WARNING! GRAMMAR-NERD POST!
An appositive is a word or phrase that directly follows the noun it modifies. As a rhetorical device, an appositive allows a writer to condense clauses into shorter phrases, thus adding a touch of sophistication to what could otherwise be flat, boring prose. Consider, for example, the following:
Wombats are adorable. Wombats carry leprosy.
If I want to combine those two independent clauses, I have a few options. I can make one compound sentence, either with a coordinating conjunction:
Wombats are adorable, BUT they carry leprosy.
Or with a semi-colon:
Wombats are adorable; they carry leprosy. (I would probably add a conjunctive adverb there--"however," most likely.)
I can make the two clauses into one complex sentence by turning one of the independent clauses into either an adverb clause:
Although wombats are adorable, they carry leprosy.
Or an adjective clause:
Wombats, which are adorable, carry leprosy.
All of these options are grammatically correct and perfectly acceptable (except, perhaps, to zoologists and wombats). But if I want to "zazz" things up a bit, I could also combine these clauses by means of an appositive:
Wombats--adorable creatures--carry leprosy.
Or, depending on which aspect of the wombat I wish to emphasize:
Wombats--virulent leprosy carriers--are adorable.
(NOTE: The use of dashes is a stylistic preference; I could just as well use commas or parentheses to set off the appositive.)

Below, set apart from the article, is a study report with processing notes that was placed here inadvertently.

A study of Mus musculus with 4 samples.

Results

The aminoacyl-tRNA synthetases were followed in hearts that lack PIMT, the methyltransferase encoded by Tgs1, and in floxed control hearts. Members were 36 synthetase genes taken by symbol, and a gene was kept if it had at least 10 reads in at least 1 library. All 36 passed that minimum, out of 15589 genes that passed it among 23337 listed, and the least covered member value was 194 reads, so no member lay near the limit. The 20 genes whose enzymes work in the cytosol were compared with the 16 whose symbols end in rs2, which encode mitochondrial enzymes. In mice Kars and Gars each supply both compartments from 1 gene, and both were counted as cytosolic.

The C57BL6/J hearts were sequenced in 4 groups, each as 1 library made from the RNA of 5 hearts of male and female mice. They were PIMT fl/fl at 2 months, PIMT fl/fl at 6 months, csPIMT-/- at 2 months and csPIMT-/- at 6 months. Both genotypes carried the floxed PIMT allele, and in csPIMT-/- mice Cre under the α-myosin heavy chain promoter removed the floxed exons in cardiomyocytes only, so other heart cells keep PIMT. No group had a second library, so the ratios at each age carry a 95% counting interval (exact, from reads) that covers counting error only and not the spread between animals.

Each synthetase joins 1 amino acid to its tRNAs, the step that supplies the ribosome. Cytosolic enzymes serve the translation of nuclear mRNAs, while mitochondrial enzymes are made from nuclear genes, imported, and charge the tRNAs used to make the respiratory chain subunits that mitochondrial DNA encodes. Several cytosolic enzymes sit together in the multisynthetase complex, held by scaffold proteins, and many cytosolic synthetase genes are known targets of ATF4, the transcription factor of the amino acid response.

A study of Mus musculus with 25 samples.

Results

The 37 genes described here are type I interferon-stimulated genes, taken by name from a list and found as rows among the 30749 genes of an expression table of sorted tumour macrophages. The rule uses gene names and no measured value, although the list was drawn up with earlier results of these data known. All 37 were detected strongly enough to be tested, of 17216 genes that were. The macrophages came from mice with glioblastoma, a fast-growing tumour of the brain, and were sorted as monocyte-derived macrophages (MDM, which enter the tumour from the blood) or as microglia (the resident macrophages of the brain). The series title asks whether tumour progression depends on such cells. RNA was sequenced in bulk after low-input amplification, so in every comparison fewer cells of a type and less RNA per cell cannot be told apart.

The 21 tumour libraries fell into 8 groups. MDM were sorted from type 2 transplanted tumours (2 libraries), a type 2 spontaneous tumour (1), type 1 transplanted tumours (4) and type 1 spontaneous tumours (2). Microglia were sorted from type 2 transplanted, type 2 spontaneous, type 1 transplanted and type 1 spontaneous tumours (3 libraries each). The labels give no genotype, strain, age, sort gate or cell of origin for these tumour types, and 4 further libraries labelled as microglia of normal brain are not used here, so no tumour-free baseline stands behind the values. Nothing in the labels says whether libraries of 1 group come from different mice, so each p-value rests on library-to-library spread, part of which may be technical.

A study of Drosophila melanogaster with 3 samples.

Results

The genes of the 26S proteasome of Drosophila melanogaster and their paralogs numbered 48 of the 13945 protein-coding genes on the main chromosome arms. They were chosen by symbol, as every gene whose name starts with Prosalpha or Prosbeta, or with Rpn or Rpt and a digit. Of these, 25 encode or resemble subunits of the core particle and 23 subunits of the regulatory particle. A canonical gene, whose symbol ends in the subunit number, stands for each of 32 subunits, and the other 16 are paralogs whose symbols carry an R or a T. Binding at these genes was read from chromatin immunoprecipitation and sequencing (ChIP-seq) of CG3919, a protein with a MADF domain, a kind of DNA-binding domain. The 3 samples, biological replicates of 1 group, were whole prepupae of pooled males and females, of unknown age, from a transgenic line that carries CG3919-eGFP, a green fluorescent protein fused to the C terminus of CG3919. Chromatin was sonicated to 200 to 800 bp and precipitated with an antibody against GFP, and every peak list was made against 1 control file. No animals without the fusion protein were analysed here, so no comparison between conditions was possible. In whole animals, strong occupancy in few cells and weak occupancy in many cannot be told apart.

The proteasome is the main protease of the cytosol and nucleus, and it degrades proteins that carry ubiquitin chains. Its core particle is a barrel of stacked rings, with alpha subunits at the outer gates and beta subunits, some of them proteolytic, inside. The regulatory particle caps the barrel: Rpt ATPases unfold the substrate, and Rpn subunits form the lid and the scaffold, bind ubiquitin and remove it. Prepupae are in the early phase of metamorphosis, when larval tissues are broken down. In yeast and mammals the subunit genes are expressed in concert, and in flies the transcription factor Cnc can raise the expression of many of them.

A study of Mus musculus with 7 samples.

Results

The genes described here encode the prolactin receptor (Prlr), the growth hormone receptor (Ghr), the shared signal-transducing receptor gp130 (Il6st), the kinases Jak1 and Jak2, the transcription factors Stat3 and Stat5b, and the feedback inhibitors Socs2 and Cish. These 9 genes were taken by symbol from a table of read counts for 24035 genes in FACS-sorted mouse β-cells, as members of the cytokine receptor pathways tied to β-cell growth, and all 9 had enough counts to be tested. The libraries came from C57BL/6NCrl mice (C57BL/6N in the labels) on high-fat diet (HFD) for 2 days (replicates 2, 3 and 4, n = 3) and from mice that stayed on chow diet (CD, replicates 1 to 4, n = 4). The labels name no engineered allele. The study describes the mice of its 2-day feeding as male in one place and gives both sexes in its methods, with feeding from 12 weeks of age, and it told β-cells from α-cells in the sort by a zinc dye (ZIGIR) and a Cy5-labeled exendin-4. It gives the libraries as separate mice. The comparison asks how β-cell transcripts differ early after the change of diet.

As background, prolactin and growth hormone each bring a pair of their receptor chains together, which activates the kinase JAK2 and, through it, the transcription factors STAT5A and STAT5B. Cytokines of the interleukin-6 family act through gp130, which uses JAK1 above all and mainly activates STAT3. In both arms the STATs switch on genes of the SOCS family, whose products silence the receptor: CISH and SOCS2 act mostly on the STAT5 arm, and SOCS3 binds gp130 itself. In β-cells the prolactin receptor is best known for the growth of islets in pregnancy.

The point is that the appositive allows me to add a bit of extra information without writing a whole 'nother clause.
Today's New York Times, in an article about the ongoing budgetary squabbles on Capitol Hill, featured an interesting appositive:
"By Friday, both the House and the Senate had closed for the Christmas break, and soon after his statement Mr. Obama left with his family for their annual holiday trip to Hawaii, his native state."
Catch that? "His [Obama's] native state" is an appositive modifying "Hawaii." When I saw that, I couldn't help wondering why it was there. Strictly speaking, it isn't necessary--no appositive is, of course; almost by definition, the information an appositive conveys is "bonus" information. In this case, the sentence could simply end after "Hawaii," with no significant loss of meaning.
Conceivably, the Times' editors felt it necessary to provide additional information to assuage readers prone to indignation: How DARE the President go on vacation when the nation's economic future hangs in the balance! Except, this appositive doesn't offer such consolation. That objection has already been blunted by the preceding information: that Congress has already adjourned for the holidays and that President Obama is not jetting off on some spur-of-the-moment getaway but is, rather, leaving for an "annual holiday trip."
On the other hand, maybe the editors felt that ending the sentence after Hawaii might give the impression that the Obamas were enjoying too luxurious a getaway for their "annual holiday trip"--that, in a time of economic strife, Barack and the girls should, I don't know, spend Christmas in a soup kitchen pretending to wash dishes. I think that's what the Paul Ryan family is doing. Maybe.
I, however, think something else is at work here. I can't help but think the editors saw an irresistible opportunity to ruffle the feathers of inveterate Birthers, those small-minded sore losers who still can't accept the fact that President Obama was, in fact, born in Hawaii. (See, I can dash off a decent appositive, too.)
Well, Times editors, if that WAS your intention--if, at this solemn time of year when we should all seek peace and harmony with our fellow man, you just couldn't pass up a chance to tweak these poor benighted fools--well, all I can say is: Good for you! Appositively!